Last week was mental health awareness week, online there has been lots of statistics flying backwards and forwards – people pushing mental health extra hard while others declare that this is what they do all the time. I really have to commend you all – any talk about mental health is good talk.
I think it’s important to remember that behind each shocking statistic and the cause behind each mental health campaign is an individual who is suffering,
Within the work we do and especially within the workshops we often hear people’s stories – everyone has a story – these stories are an important part of recovery and are a good way to make sense of the sometime unexplainable.
One special story we had recently touched us greatly – it happened in one of our regular workshops – a man sat in his coat and listened without saying much expect to help his friend try and explain how he felt about suicide – then at the end he asked to speak to the trainer.
He quietly took the trainer by the hand told us the story of his friend.
“About 5 years ago my friend, who has bouts of depression, felt so bad he decided to kill himself. He tends to switch himself off from everybody when he gets down and he hadn’t seen anyone for a while. He had stock piled medication and had it all lined up ready to take. He phoned some friends and said his various goodbyes. He then closed his eyes to say his prayers. When he opened his eyes, he looked through the window in front of him. At this moment a dragonfly flew up and stopped. It seemed to be looking at him. It stayed for a brief moment and then flew off. My friend was amazed by the dragonfly. It was enough to make him stop what he was doing and he has not tried to kill himself since.”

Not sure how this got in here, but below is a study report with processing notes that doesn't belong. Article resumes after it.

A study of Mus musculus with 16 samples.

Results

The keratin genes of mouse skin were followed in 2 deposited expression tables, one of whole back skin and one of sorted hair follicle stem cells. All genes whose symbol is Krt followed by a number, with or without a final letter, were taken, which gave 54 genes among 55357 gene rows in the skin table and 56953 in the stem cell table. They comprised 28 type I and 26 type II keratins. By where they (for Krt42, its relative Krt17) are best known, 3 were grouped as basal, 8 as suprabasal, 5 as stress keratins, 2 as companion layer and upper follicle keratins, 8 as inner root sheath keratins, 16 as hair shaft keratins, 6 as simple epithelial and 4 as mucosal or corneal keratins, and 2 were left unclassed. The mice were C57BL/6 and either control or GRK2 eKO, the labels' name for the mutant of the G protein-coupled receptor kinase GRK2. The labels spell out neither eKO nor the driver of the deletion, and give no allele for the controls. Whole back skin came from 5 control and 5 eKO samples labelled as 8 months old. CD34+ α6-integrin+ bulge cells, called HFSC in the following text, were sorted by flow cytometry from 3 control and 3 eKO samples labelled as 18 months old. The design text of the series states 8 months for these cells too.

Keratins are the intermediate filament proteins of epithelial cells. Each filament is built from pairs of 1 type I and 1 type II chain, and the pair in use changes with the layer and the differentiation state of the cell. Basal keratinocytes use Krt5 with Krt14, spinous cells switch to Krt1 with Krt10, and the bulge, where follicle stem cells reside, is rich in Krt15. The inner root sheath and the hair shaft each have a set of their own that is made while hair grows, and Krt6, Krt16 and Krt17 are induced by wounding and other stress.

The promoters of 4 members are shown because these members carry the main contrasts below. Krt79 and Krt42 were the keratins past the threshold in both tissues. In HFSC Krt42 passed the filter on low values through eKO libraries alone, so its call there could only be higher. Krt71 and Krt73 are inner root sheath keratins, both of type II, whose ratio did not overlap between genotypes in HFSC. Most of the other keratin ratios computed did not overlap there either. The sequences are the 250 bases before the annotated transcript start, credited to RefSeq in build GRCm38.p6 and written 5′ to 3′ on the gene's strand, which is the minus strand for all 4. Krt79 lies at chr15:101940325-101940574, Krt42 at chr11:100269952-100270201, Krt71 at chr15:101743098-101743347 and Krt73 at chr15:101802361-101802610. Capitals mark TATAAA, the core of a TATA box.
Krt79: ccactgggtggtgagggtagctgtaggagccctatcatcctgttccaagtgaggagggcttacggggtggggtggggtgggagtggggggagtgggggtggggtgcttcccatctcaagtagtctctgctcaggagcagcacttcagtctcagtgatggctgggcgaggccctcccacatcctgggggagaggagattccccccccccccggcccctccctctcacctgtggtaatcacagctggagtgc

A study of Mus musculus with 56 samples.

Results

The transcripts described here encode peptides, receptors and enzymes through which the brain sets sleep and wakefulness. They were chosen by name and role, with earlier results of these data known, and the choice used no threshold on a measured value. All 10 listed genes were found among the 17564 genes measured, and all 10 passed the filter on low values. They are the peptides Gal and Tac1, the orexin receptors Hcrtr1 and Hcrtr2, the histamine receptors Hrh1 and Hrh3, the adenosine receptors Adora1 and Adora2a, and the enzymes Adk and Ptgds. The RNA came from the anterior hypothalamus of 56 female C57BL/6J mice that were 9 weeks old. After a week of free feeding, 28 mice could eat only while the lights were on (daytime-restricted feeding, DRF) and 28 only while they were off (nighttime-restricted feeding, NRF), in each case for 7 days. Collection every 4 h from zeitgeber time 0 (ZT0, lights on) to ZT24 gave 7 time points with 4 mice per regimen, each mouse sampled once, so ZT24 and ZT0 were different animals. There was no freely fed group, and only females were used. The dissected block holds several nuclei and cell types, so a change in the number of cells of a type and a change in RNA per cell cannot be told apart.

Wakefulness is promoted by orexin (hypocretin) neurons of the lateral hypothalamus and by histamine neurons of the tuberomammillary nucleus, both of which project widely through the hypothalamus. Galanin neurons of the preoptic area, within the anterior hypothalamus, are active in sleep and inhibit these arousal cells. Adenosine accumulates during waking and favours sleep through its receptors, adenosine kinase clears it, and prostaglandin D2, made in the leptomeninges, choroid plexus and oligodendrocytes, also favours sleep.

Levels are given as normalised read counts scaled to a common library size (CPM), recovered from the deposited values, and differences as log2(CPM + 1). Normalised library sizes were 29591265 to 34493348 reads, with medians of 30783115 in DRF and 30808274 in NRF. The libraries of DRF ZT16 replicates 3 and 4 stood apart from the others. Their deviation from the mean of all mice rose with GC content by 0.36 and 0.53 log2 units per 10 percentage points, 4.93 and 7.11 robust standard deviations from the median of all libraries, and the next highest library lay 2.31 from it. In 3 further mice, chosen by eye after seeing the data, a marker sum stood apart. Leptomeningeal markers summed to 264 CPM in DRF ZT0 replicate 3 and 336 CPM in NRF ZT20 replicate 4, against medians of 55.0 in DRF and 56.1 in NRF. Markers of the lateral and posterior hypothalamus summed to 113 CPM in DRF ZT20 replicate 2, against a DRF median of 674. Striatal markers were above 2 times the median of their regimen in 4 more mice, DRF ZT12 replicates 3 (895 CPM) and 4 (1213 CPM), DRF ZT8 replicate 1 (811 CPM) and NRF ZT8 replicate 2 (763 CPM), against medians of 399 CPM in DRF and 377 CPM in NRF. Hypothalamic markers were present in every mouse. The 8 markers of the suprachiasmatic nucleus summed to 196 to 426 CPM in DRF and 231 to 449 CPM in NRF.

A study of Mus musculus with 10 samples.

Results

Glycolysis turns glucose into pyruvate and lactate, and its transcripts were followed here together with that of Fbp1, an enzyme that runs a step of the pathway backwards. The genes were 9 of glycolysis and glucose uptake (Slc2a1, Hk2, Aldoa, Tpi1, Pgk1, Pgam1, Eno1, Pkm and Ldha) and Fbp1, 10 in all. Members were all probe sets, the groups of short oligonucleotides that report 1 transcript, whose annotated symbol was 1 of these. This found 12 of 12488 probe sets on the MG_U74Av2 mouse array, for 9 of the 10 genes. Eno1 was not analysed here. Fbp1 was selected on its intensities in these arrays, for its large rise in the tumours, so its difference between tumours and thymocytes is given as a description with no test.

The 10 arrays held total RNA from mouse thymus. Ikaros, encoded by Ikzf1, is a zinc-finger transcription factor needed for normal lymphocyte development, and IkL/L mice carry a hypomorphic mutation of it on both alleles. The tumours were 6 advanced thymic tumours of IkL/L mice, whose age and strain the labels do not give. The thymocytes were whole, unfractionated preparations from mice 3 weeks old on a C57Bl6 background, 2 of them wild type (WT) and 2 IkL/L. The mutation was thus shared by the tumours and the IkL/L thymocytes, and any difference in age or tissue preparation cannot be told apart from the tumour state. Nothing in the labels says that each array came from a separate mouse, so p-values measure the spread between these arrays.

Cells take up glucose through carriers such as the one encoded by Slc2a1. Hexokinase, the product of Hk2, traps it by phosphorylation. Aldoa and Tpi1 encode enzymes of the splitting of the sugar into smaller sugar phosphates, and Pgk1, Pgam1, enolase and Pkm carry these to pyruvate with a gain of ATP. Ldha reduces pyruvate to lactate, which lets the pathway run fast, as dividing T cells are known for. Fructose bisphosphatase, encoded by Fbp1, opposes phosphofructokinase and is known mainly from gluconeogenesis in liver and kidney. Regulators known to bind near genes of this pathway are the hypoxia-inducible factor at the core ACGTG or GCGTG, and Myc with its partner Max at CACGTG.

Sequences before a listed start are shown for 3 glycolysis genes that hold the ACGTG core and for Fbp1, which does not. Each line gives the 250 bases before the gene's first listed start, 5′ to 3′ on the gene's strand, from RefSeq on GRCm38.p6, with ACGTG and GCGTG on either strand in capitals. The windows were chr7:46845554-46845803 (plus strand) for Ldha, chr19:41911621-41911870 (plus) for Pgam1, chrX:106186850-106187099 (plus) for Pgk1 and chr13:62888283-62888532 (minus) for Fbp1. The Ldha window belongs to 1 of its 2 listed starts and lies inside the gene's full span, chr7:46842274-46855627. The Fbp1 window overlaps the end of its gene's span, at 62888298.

This simple story is life at its best.
Are you thinking about suicide? Here are 5 suggestions to consider;
- Decide not to do anything right now to hurt yourself. You do not have to act on your thoughts of suicide. Suicidal behaviour is a attempt to solve what feels like an overwhelming set of problems. When we are struggling to cope, our mind closes down on creativity and our problem-solving skills become much more limited. Your thoughts and feeling can change.
- Talk to someone; it could be a friend or a family member or a support service of some kind. There are people who want to listen and who can help you.
- If talking is difficult, there is online support. Someone who wants to help you is a click away.
- Please try to keep safe for now
- Spend some time thinking about what your reasons for living might be
When you’re struggling stop, be brave and ask for help – try to look for your dragonfly and remember you never know what is going to happen next.